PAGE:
What doomed Stanford’s charter school? Ask anyone in the ed policy world and the chances are pretty good they’ll have a strong opinion. Chances are equally good that opinion will reflect their views on ed policy in general. Writing at the Washington Post’s Answer Sheet blog, Dan Willingham looks at the chatter among edbloggers about the Stanford New Schools story and sees “confirmation bias”—the tendency to see seek out or interpret evidence in a way that confirms your preconceived notions.
“Education conservatives can point to the school’s abysmally low scores on California’s standardized tests, and point out (either with glee or with artificial dolor) that this outcome was all too predictable, given the school’s philosophy of child-centered learning. Education liberals can point to the school’s excellent high school graduation and college matriculation rates and point out (either with self-righteousness or with anger) that the school’s closing is a predictable consequence of the current obsession standardized test scores. I’ve even seen the argument that the low test scores are badge of honor, because they show that the school would not stoop to drilling students, or to cheating on standardized tests.
Stanford and Linda Darling-Hammond are symbols, Willingham notes, and “icons of progressivism in education” and that colors our response to the story. “Most of us already have strong beliefs on these topics, and so when new, ambiguous information is presented, it is hard not to interpret it in light of our beliefs,” he writes.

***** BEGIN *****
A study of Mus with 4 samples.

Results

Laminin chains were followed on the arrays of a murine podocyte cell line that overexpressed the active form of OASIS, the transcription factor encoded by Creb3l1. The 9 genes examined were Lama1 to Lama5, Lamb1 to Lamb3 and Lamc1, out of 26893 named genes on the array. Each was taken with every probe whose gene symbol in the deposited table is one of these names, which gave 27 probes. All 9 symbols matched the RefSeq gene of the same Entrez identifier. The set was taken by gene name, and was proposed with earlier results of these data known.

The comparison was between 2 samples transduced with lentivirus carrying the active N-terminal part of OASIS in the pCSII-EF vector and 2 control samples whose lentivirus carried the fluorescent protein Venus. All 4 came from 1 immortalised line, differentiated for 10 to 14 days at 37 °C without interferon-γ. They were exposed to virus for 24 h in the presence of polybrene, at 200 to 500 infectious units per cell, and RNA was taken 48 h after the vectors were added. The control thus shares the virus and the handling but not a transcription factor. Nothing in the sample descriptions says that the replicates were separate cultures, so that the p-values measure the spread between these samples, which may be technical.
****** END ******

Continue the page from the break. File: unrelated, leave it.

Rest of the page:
So what really happened at Stanford? Did the school deserve its fate? Was it undermined by poor leadership? Lousy teachers? Lack of a curriculum? Was there a plan in place to fix what ailed the school. “None of this was reported in the press, so it’s not really possible to analyze what’s going on at the school with any subtlety,” observes Willingham who says while it’s hard to argue that the school was succeeding, he doesn’t know why or whether or not it deserved to be shut down.
The three most underused and unappreciated words in education policy may very well be “I don’t know.” Having a “take” is more important than having the facts. And the absence of the latter is rarely an impediment to the former. Kudos to Willingham for calling it like he sees it. And not calling it when he can’t.